According to statistics gathered by Health Canada, medical use of marihuana has grown exponentially, from as little as 100 authorized persons in 2001 to nearly 40,000 today. In order to prevent abuses made under the Marihuana Medical Access Program and to protect public health, safety and security, the federal government recently adopted, on the recommendation of Health Canada, the Marihuana for Medical Purposes Regulations (the "MMPR") pursuant to the Controlled Drugs and Substances Act. These regulations are bringing tremendous changes to the way Canadian patients can now access marihuana for medical purposes, and allow for the creation of a system of production and distribution, namely a controlled Canadian industry of marihuana for medical purposes.
The MMPR aim to treat marihuana as closest to any other narcotic used for medical purposes; the high standards imposed to the licensed producers therefore being a logical consequence of this new regime. Although the proposed medical marihuana industry is strictly circumscribed by the new MMPR, several companies see a unique business opportunity and are actively seeking their piece of the pie. Companies contemplating this avenue should carefully assess their business opportunity, taking into consideration the obvious market risk of a such a burgeoning industry and perhaps even more importantly the substantial costs associated to complying with the new regulatory regime.
The New Marihuana Medical Access Regime
Before April 1, 2014, the Marihuana Medical Access Program permitted licenced individuals to produce marihuana in private dwellings. This procedure showed a lack of quality-controlled conditions and security. Under the new MMPR, the only way for a patient to access marihuana for medical purposes is to obtain it through commercial licensed producers. At the time of writing this bulletin, thirteen (13) companies had been authorized. The activities of these licensed producers are regulated by Health Canada and are subject, among others, to security measures, clearances, inspections and Good Production Practices.
Accordingly, the onus is now on the licensed producers to verify the identity of the patient and the validity of the medical document (i.e. prescription signed by a healthcare practitioner). The licensed producers must ensure that the medical document accompanying an application to become a registered client contains all information required by the regulations regarding the identification of the client and the healthcare practitioner, the prescribed daily quantity of dried marihuana and the period of use. Not only do the licensed producers have to verify the content of the medical document, they must also ensure that the healthcare practitioner is entitled to practice and is not named in a notice issued under the Narcotic Control Regulations. They must also confirm with the practitioner's office that the consultation took place and that the medical document is correct and complete.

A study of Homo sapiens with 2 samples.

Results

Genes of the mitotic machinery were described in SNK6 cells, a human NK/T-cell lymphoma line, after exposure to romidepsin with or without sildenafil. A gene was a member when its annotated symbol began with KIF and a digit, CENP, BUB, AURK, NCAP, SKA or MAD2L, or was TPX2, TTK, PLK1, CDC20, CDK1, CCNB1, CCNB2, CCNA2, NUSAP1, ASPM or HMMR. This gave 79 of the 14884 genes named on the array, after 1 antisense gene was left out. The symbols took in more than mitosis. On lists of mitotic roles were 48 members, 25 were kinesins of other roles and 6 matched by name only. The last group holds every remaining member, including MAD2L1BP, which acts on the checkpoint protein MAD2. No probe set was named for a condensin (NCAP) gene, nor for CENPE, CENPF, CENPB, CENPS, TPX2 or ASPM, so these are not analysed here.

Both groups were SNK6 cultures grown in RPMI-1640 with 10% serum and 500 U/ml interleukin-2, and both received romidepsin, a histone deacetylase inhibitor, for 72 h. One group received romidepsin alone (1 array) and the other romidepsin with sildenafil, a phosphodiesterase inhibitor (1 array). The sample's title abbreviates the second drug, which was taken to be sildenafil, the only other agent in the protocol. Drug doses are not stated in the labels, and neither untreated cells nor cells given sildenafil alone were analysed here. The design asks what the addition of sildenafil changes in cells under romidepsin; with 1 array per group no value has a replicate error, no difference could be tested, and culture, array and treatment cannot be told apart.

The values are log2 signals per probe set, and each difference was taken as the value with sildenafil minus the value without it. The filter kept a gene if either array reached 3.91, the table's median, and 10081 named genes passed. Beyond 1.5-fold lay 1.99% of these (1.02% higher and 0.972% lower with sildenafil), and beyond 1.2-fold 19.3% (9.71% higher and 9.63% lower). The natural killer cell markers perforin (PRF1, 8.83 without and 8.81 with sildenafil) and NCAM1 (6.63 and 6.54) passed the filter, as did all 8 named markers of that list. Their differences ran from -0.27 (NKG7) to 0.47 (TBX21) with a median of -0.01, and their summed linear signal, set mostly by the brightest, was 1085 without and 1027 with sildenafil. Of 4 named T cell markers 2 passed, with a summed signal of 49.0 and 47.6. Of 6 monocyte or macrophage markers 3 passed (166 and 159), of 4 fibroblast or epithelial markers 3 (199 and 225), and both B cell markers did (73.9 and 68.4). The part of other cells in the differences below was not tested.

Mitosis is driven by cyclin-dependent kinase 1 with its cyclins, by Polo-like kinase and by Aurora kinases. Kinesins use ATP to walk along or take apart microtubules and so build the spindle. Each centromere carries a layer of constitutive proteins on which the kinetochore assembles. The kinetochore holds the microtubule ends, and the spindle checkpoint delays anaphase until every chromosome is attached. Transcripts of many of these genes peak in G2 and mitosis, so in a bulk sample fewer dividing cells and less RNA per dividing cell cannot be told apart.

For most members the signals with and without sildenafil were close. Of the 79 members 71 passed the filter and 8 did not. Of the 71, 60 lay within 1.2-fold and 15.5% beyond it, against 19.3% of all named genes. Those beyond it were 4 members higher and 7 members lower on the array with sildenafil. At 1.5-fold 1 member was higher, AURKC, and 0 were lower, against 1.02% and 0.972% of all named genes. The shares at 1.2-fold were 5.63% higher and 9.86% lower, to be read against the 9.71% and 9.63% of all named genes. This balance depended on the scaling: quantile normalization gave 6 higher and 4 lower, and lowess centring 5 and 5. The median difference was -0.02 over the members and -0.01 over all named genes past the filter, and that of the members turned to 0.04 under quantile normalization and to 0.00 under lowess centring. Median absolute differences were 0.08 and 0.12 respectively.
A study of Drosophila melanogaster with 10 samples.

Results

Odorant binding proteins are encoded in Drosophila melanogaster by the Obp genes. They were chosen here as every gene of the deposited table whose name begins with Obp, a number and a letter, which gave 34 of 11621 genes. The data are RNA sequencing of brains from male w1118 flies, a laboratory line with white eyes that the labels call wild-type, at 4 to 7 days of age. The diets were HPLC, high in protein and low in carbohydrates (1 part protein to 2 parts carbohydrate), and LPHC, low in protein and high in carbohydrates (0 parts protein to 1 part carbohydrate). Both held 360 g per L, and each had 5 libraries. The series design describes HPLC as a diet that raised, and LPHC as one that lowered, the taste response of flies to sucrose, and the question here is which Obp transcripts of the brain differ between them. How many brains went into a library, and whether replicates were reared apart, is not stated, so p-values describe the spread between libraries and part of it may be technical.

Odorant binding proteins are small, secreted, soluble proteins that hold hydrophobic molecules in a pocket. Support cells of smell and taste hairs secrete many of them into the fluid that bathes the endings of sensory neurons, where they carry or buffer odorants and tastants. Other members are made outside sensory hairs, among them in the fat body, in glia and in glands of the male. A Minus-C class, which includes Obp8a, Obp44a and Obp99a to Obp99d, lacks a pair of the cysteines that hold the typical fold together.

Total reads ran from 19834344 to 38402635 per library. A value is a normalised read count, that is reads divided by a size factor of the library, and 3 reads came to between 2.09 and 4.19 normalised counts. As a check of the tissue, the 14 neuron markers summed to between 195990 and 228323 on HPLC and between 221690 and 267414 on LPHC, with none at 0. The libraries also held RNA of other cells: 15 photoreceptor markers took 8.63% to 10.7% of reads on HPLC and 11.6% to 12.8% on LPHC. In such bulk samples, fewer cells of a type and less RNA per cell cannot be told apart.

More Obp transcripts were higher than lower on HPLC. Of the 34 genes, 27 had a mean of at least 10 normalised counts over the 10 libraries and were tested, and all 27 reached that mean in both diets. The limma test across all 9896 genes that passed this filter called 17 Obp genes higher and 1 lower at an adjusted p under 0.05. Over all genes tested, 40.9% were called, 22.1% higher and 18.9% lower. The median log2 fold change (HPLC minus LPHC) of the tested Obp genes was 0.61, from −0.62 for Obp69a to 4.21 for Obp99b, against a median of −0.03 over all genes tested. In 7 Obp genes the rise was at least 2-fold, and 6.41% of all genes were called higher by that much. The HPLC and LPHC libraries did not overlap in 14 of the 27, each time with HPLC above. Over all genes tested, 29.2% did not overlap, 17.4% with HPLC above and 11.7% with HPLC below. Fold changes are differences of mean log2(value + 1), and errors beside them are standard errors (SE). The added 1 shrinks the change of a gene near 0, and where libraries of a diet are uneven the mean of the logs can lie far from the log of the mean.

Moreover, producers have to comply with Good Production Practices to ensure that authorized Canadians have access to marihuana that is grown and processed under secure and sanitary conditions. Licensed producers have to meet security and quality standards regarding premises, equipment, microbial and chemical contaminants, pest control products, etc. Most importantly, licensed producers must implement a sanitization program as well as standard operating procedures. An employee must be assigned to Quality Assurance, and this employee must be qualified to oversee the activities and ensure that these programs are respected. They must also keep a record of every adverse reactions declared and establish an efficient control and recall system.
As in the case of other health products, Health Canada is empowered to inspect the licensed producers' sites. According to Health Canada, the inspectors are highly qualified and especially trained by to enforce the MMPR. Said inspectors may visit a site at any business hour to validate the accuracy of the information submitted to Health Canada and to audit licensed producers' compliance during daily operations. Health Canada is taking its role very seriously and in fact has already identified issues that resulted in a voluntary recall from at least one licensed producer.
The Federal Court Interim Decision in Allard et al.
For the sake of easing the transition from the former Marihuana Medical Access Program to the new regime, a transition phase was implemented and ended on March 31, 2014. Among other things, the individual producers were required to destroy or dispose of their plants and declare to Health Canada that they were no longer in possession of any marihuana. However, as a result of ongoing litigation and uncertainty arising from court proceedings, Health Canada will treat the licences issued under the former program and extending beyond March 31, 2014 until a final decision is rendered in Allard et al. v. Her Majesty the Queen in Right of Canada, as per the Federal Court interim decision of March 21st, 2014.
Because of Allard et al., licensed producers may have to wait a little longer before 40,000 potential clients line-up to register with their companies. This is a very good opportunity to ensure that they have all in place to respond to a large demand while effectively adhering to the MMPR and the regulatory aspects of the new marihuana medical access regime.